A doctor in India who allegedly came under fire for raising concerns about a lack of personal protective equipment for health care workers treating coronavirus patients at his government-run hospital has now been committed to a mental institution, BBC Telugu reported.
Dr. Duhakar Rao, who was allegedly suspended after speaking to media about a lack of equipment, was reportedly detained while driving on a highway recently.
“He’s a reputed doctor,” Kaveri Rao, the anesthetist’s mother, told BBC Telugu. “But he has been facing abuse since the day he raised those concerns. I feel bad when people call me and ask about him. He has been very stressed for weeks.”
The police maintain that Rao had been acting erratically and witnesses called to complain. They claim that when they arrived, he threw a liquor bottle and was acting rudely to police. No witnesses, however, have corroborated the account, according to BBC Telugu.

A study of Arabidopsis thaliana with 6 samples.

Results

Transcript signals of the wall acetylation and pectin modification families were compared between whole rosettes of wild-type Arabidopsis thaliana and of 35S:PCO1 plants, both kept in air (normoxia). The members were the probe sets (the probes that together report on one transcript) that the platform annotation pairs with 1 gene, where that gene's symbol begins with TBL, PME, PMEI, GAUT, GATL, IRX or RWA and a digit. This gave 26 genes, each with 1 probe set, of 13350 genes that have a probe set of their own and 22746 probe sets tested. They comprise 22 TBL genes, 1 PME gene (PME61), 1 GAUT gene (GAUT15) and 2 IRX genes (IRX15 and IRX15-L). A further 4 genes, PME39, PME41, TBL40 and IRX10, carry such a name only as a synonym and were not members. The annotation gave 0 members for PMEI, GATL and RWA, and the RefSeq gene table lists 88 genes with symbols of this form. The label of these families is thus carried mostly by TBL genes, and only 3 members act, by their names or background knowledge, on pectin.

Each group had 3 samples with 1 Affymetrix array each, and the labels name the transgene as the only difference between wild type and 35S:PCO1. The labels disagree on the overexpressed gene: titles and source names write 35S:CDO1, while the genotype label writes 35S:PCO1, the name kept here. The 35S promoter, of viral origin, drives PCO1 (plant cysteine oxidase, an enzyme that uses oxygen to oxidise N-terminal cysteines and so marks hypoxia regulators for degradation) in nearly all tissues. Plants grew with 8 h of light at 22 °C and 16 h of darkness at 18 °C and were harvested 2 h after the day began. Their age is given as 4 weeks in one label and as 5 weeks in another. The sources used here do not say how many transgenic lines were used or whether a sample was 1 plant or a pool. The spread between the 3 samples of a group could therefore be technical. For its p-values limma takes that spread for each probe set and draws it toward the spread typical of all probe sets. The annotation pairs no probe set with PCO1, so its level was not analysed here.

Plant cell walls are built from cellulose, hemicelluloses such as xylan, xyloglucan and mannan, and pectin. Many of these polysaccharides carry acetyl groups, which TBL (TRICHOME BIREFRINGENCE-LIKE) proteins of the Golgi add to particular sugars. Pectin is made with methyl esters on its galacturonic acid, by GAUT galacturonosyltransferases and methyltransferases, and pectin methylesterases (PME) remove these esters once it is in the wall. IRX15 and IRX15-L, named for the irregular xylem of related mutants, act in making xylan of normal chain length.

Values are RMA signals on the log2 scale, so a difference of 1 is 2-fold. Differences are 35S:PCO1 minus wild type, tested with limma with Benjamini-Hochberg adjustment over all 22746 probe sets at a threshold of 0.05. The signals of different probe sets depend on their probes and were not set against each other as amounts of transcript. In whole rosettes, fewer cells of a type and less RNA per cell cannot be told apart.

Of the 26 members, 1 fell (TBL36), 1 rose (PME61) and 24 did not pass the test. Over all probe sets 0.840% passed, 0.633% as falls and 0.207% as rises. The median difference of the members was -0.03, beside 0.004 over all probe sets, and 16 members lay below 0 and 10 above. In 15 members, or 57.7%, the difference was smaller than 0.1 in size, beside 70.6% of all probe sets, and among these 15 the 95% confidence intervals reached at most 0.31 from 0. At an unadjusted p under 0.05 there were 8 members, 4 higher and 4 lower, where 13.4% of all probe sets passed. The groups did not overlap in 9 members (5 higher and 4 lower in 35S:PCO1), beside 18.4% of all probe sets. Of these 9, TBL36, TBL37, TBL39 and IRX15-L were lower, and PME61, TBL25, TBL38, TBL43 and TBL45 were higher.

He was reportedly taken from the local police station to a hospital, where it was advised that he be admitted to a mental institution. A hospital official purportedly told the news outlet that Rao seemed stable but is under observation for two weeks.
Rao first made headlines when he claimed that the hospital he works at was requiring staff to wear the same protective gown and mask for two weeks before asking for new PPE.
“How can we treat patients risking our lives?” he asked, according to local media. He was then suspended.
According to the Associated Press, India designated more than 600 hospitals for COVID-19 patients and trained more than 1 million doctors and 1.7 million nurses to treat patients, according to its government. Authorities had attempted to divert suspected and confirmed patients to the designated hospitals, but several other hospitals reported outbreaks spread by patients who didn't know they had the virus. It wasn't until earlier this month that the government announced it would provide all health care workers with PPE.
India has over 112,000 confirmed cases of COVID-19 and more than 3,430 deaths. The country of 1.3 billion began easing it's two-month-long lockdown last week, with the restarting of some train services, construction and the opening of more businesses.
The Associated Press contributed to this report.